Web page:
By Erik Zygmont
Like her fellow 2015 graduates of Cristo Rey Jesuit High School, Taylor Luallen is one step closer to adulthood and its attendant worries. Student loan debt, however, won’t be one of them.
Luallen was chosen from high school seniors in the 28-school Cristo Rey Network to receive a full, four-year scholarship to Stevenson University. She plans to put the opportunity to good use.
“I love helping people, but I also love science,” Luallen said, “and I figured nursing was the best way to put those two together.”
The realization came first-hand, during Luallen’s experience in the neonatal intensive care unit at Mercy Medical Center. The hospital was the site of her corporate internship – all Cristo Rey students intern at local businesses to help fund their educations while supplementing their classroom learning with real-world work experience.
Luallen’s work at Mercy also helped her understand the different roles within the medical field.
“I wanted to be a doctor when I was younger, and then I realized that nurses have more of a connection with patients,” she said.
Though she is looking forward to her next four years at Stevenson, Luallen said she will miss the “sense of community” at Cristo Rey.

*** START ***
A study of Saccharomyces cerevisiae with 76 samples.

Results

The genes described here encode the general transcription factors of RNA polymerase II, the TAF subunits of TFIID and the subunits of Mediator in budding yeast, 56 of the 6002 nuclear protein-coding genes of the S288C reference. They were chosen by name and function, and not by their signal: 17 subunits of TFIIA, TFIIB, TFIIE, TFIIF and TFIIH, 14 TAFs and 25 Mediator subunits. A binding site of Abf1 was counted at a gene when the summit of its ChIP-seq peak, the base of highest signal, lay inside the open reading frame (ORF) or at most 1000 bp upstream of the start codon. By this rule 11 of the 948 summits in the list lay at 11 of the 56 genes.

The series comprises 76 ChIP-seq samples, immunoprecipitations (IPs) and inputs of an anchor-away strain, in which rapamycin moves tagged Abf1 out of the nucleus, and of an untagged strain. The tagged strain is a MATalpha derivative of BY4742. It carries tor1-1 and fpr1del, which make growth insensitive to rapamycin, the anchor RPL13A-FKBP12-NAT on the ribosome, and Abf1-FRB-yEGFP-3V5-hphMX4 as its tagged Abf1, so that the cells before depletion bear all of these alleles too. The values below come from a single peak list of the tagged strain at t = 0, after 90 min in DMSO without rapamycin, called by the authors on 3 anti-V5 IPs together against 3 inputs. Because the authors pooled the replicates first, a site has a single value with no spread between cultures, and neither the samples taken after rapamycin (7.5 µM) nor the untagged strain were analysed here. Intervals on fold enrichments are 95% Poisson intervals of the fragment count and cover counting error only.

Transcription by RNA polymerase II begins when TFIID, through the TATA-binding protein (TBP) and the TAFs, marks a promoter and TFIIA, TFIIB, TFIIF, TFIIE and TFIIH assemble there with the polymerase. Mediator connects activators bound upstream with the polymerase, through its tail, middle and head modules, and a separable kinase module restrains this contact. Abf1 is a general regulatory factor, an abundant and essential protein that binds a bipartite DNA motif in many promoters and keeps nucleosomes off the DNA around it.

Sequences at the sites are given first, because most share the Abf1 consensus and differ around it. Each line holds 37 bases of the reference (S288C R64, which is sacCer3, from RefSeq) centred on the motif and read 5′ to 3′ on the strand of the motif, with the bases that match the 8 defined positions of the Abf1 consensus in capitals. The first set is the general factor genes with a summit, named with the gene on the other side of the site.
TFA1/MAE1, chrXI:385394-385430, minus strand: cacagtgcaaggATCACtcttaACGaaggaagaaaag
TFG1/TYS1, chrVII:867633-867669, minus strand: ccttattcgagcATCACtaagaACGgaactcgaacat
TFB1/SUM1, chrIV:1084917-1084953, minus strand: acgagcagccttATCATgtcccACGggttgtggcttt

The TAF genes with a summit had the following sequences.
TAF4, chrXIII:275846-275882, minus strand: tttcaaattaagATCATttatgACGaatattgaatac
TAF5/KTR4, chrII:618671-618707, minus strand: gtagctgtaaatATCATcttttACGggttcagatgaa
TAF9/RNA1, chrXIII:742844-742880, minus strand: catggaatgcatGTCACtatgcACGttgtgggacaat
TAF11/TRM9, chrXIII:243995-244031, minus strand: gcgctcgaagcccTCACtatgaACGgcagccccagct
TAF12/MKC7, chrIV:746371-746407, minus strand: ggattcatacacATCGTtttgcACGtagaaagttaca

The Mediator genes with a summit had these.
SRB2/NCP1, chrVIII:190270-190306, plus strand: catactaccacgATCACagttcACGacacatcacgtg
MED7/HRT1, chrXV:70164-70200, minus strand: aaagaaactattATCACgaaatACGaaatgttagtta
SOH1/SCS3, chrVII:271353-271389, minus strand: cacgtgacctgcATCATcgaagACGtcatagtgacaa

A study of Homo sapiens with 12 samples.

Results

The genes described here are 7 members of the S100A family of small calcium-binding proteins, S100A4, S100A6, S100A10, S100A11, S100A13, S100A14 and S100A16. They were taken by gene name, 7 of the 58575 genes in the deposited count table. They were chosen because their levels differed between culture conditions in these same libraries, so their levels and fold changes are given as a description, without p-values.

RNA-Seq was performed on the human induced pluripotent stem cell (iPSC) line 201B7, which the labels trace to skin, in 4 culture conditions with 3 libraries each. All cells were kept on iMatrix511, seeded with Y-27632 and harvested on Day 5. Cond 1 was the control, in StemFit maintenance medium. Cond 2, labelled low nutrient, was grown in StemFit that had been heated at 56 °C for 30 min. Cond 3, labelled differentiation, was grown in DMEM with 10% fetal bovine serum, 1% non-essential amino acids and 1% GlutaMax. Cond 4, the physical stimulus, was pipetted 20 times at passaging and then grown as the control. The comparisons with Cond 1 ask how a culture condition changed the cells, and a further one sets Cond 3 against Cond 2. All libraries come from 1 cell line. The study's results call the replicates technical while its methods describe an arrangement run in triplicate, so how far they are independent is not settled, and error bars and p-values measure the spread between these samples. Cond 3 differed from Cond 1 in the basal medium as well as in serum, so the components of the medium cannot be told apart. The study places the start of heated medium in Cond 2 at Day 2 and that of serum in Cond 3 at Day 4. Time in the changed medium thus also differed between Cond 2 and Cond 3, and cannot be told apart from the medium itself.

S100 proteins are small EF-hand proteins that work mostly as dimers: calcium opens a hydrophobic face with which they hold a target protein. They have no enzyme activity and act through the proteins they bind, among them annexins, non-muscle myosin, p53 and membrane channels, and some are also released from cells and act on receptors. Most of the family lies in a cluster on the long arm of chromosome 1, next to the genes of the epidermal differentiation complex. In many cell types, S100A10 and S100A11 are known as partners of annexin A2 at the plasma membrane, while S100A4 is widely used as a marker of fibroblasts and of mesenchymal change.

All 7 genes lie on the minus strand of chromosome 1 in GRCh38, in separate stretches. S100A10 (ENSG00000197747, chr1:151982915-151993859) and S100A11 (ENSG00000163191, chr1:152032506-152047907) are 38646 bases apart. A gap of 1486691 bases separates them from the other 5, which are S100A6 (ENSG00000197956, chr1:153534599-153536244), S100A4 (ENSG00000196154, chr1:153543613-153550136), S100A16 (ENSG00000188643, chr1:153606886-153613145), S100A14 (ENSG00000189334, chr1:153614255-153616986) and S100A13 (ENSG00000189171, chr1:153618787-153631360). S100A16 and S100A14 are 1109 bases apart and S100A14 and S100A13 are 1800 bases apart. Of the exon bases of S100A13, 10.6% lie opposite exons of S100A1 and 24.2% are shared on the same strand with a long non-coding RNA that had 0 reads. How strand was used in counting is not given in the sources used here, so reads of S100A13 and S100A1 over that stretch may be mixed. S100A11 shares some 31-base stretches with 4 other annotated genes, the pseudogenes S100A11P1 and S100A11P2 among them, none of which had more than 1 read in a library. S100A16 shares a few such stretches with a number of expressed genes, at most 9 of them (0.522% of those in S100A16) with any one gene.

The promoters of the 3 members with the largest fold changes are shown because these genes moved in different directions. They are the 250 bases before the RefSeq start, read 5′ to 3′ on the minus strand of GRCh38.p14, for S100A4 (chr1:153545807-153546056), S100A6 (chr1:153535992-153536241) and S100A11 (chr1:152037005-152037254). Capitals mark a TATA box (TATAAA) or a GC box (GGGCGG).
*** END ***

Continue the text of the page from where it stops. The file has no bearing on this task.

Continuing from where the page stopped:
“The teachers here really care,” she said. “At some schools, they give you work and that’s it. Here, the teachers become your family, and the students become your family. Everybody has your back.”
Luallen is grateful for the lessons she learned outside of books, including at the school’s Kairos retreat, an experience named for the Greek word for a certain type of time – an appointed time, or God’s time.
Jesuit Father John Swope, Cristo Rey’s outgoing president, described the retreat as “your moment to grow and become more committed to Jesus Christ.”
“I feel it was one of the best experiences ever,” Luallen said. “They took us way out of our comfort zones.”
Consequently, she said, she has taken to writing as a means of self-reflection.
“Kairos really brought out a lot of things,” she said.
Luallen is also grateful for a women’s life-skills class she took her sophomore year.
“It exposed you to the real-world situations you’ll have to deal with when you get out of school, because life is about more than reading books,” she said. “My freshman year, I was in my little shell, all about the books. Now I’m more of a well-rounded person.”
Not that she ever neglected “the books” – Luallen has maintained a 3.6 GPA or higher all four years, she said, has been part of the National Honor Society and was named a 2015 Archdiocese of Baltimore Distinctive Scholar.
And she has always been a reader. William Shakespeare’s “Romeo and Juliet” is one of her favorites.
“I could write you two papers about that play,” she said.